Listen up cadets – I’ve got another round of acoustic combat weaponry familiarization lined up for you today.
I’m sure a good number of you are already familiar with Jeff Wayne’s Musical Version of War of the Worlds. If you aren’t, run out now and make yourself good friends with it. If possible, listen to it late at night; either at home in a dark room, or in a lonesome vehicle traversing the [prairies / outback / asteroid belt / etc]. It is quite possibly the greatest album of the late 70s, and most certainly the greatest pre-golden age science fiction novel turned rock opera of all time. The narrative is woven in to the stories elegantly (unlike some concept albums, that seem to just smash vaguely-related songs up end to end) and the songs are blessed with brilliant melodies and present an atmosphere that compliments the story perfectly. If you don’t believe me, maybe the numbers will convince you: in its day, the album went top ten in 22 countries, and #1 in eleven of those.
I had the opportunity to catch the live show recently (touring almost 30 years after the original recording) and was well-rewarded for dropping my hard-earned credits on tickets. The orchestra included (but was not limited to) three synths, a harp, a poor drummer who got no downtime for the whole show, three guitarists and one bassist, a full string section, an ensemble cast of singers and – of course – a 30-meter high Martian war tripod. The narration was performed by a giant, floating holographic head of Raymond Richard Burton and a video wall behind the orchestra complimented the singers’ on-stage antics. Kick ass.
Next on our listening list is British Columbia’s Darkest of the Hillside Thickets – the finest H.P. Lovecraft-themed indie-rock outfit flying in this sector. Their best-of album Great Old Ones is a collection of not only their trademark Lovecraftian rock (with titles like Jimmy the Squid, Yog-Sothoth and Please God No) but also includes music from outside their usual stable of songs about the unspeakable horrors from beyond man’s imagination. You’ll find endearing geek-rock of the non-gillmen-eating-your-face variety in Big Robot Dinosaur, Sixgun Gorgon Dynamo and My Tank.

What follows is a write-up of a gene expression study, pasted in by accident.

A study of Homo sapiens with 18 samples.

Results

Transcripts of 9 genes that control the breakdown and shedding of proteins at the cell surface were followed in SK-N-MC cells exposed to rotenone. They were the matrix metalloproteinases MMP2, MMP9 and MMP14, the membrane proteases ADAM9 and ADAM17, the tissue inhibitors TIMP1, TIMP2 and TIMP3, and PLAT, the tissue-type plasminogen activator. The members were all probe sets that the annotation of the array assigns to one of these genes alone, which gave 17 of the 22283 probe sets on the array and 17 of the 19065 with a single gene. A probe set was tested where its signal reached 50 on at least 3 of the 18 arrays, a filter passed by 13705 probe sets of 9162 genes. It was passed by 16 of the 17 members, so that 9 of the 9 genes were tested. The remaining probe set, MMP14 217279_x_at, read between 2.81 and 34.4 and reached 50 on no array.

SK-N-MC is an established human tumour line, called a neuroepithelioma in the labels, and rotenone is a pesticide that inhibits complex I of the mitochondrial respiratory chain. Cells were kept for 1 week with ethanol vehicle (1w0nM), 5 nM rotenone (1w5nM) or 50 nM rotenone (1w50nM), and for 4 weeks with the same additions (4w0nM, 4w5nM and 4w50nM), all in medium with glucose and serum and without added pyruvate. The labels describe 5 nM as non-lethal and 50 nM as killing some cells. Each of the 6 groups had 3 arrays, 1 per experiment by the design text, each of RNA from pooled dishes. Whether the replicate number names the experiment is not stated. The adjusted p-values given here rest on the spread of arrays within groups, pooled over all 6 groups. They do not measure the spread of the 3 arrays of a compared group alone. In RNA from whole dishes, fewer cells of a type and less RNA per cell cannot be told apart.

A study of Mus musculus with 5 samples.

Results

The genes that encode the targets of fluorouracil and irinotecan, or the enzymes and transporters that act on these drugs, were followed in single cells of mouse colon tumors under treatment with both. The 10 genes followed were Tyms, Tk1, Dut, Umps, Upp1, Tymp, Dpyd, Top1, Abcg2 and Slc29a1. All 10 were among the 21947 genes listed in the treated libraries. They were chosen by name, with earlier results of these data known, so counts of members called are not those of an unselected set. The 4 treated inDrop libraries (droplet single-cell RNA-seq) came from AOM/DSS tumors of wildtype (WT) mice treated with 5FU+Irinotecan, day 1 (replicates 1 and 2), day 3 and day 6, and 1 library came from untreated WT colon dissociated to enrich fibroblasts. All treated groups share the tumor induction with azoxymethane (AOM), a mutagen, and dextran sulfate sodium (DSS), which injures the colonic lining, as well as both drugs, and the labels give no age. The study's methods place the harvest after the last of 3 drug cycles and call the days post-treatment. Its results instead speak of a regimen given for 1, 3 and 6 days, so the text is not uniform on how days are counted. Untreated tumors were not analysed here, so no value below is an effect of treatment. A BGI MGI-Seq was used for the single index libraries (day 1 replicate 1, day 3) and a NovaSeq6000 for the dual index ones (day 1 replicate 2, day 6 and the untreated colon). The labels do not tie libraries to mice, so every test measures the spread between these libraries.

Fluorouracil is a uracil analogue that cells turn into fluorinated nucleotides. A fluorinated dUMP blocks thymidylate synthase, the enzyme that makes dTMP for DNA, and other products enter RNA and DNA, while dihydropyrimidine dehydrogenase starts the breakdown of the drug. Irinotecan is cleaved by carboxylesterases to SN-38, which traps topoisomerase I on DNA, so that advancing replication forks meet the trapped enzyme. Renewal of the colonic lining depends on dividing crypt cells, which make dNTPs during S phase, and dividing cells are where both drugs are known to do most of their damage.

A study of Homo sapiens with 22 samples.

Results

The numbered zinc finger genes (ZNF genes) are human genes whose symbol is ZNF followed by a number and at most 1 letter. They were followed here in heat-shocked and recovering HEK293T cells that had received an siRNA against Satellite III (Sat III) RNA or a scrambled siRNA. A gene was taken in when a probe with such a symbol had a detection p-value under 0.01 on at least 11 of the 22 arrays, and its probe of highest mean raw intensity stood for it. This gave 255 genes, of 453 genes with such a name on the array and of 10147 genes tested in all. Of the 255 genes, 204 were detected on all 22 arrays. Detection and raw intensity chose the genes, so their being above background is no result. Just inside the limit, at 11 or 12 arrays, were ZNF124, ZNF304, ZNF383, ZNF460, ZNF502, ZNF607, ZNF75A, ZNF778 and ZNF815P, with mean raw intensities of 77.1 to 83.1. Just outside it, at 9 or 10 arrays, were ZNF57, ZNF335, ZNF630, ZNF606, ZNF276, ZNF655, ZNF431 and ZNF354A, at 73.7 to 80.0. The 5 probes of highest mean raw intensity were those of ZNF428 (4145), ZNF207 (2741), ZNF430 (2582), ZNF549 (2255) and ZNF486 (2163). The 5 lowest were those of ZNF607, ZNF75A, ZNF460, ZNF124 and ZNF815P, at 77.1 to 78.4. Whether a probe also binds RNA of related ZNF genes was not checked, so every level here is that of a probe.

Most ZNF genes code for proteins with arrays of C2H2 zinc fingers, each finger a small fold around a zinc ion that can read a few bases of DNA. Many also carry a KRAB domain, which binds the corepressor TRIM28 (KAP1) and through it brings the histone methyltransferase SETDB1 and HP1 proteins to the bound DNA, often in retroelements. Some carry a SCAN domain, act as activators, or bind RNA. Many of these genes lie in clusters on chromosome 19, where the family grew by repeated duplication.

The thickets put on a killer stage show – go see them if you can! The stage is spangled with all manner of b-grade retro science fiction gizmos and gadgets, and the band members kit themselves up in astronaut / fungi / satyr costumes.
Ian, if you’re receiving this transmission, this one’s for you: Arjen A. Lucassen’s Star One project was assembled to record an album of heavy metal space opera themes, aptly titled Space Metal. In my own words, I’d describe it as a ‘hyper-retro 70s prog-metal concept album’. I tend to like my metal in small doses, but the tunes here are catchy enough to get me through the whole album in one sitting. I describe the album as being 70s-ish because the songs place a bit of emphasis on creating memorable tunes and comprehensible lyrics, like metal once was, in the dusty past.
I was desperately hoping to find a music video for a Star One track, but such a beast appears to not exist. Luckily, a random has put together a video on the Youtubes for the Star One song Intergalactic Space Crusaders using footage from the BBC science fiction series Blake’s 7. The video’s not half-bad, and since Intergalactic Space Crusaders was written about Blake’s 7 anyhow, a lot of the imagery matches up quite well.
Star One – Intergalactic Space Crusaders (video: Blake’s 7)
Last but most certainly not least is Meco’s 1977 classic disco treatment of the music of Star Wars. Star Wars and Other Galactic Funk is a strange (yet super-awesome) product of the disco era. Imagine Imperial blockades being run by space smugglers… set to bouncy, syncopated bass and a bank of synthified disco strings. The album spawned one single, a retardedly good rendition of the Cantina Band Song, which itself is just an edit of part of the album’s nonstop 15 minute disco medley marathon of Star Wars themes. Really, you haven’t lived if you haven’t heard the Star Wars title theme done in a vaguely p-funk/italo-disco manner.
I’ve once laid my hands on this album (and was immediately filled with a warm glowing warming glow, and I so very nearly took the Red Pill before the feeling wore off), but it unfortunately wasn’t on sale. If any of you are interested in boosting your flight performance review scores, feel free to stuff Viper Pilot’s stocking with a copy of this.
Episode 135 & episode 144 of the Radio Clash podcast are devoted to more in-depth exposition of the space disco genre, of which Star Wars and Other Galactic Funk is just the tip of a reasonably sized iceberg thereof.
There you have it, nuggets – plenty of listening to keep you occupied until the sky marshall’s surprise inspection tomorrow.